One-Minute Essays (Angelo and Cross 1993):
- Before class, consider what you want your students to be learning in this unit. Are there concepts or skills you want them to understand before moving on?
- Based on your learning outcomes, design a prompt that engages the students with the outcomes with which you are concerned. Be sure to double-check that it allows for more than one answer.
- After posing your prompt to the class, be sure to give them enough time to answer before collecting the responses.
- It's up to you on whether or not to make it anonymous. If you are concerned about individual comprehension, have them write their names.
- When reviewing responses, keep track of common mistakes.
- Provide feedback and adjust the following class according to your results. Giving a summary of the main misconceptions can help the class follow along with any adjustments you are making.
- This activity can be adapted to the online environment by making use of Canvas quizzes or surveys if you would like students to have the option of anonymity.
- For an idea of how to do One-Minute Essays through Canvas, consider Manda Williamson and Cal Garbin's Minute Paper PDF from their CTT workshop "Teaching Strategies that Increase Instructor-Student Connection."
- At the end of class, have students take out a piece of paper or index card and have them write out something specific about class that day. This could be questions, concerns, comments, points of interest, etc.
- Collect all the cards as they leave the room and review before the next class.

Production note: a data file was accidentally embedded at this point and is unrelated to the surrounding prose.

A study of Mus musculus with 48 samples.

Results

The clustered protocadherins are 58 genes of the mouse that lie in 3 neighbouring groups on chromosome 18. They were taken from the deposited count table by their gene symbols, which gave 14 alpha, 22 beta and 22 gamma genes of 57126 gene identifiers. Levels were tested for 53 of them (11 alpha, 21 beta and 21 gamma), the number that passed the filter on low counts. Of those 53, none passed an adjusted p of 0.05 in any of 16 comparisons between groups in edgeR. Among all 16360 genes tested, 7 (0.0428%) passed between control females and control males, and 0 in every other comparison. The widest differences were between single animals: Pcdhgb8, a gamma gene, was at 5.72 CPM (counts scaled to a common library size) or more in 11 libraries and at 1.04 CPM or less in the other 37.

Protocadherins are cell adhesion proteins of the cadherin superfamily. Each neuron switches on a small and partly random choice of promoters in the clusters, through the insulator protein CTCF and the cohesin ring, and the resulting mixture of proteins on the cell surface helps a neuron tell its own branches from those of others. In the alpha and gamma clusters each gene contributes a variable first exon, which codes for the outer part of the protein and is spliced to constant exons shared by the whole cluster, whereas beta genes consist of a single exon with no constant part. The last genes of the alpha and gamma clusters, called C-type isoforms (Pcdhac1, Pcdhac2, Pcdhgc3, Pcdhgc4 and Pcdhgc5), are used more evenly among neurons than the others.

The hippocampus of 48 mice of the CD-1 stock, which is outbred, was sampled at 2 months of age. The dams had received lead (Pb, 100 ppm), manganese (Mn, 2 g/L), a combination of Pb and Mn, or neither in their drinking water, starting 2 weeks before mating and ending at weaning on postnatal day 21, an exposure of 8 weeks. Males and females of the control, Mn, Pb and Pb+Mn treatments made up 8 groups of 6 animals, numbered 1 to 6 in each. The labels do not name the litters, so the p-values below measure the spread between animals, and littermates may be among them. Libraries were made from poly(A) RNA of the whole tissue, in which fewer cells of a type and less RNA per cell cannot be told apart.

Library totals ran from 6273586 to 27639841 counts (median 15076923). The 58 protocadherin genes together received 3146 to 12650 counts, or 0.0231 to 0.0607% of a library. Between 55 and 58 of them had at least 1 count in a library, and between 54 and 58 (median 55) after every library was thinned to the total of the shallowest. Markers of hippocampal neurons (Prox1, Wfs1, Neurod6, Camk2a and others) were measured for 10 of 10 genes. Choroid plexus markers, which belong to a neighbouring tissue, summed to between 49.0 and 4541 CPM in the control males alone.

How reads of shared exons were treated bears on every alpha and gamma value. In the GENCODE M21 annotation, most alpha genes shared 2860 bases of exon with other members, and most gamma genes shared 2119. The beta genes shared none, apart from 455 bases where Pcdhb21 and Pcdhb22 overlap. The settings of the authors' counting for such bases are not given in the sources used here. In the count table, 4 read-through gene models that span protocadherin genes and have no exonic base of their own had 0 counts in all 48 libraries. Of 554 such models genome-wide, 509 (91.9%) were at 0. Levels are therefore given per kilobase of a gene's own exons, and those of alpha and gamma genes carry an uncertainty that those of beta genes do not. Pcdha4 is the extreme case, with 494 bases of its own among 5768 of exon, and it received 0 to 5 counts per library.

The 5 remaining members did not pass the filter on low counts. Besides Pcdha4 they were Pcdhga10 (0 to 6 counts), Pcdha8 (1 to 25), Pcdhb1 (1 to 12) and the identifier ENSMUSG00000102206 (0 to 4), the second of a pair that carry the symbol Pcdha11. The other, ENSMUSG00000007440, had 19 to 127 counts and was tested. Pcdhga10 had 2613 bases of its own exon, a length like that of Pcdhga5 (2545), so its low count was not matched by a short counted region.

- This will allow you to see what topics may be good to revisit, what subject matter people are finding compelling, and how to move forward to address the needs of the class.
- MIT's Mud Card video is a useful resource for getting started with this process.
- The same online techniques from one-minute essays can be applied to this technique as well!
Idea Line Up/Four Corners:
- Idea Line Up and Four Corners are quite similar. For both, before class come up with questions you want to ask about the current unit. In class, have all students stand and get ready to move around the room.
- For Idea Line Up, have two possible options (examples: agree/disagree, true/false) and assign each option a side of the room (example: for "true," go to the left). Ask the predetermined questions and upon seeing the results, ask why people went to either side of the room.
- For Four Corners, do the same thing as Idea Line Up, except assign each corner of the room a proposed answer. (example: write options for A, B, C, and D on the board and assign each a corner). Proceed the same way as you would with Idea Line Up.
Angelo, T.A. and Cross, K.P. (1993). "Classroom assessment techniques: a handbook for college teachers." San Francisco: Jossey-Bass.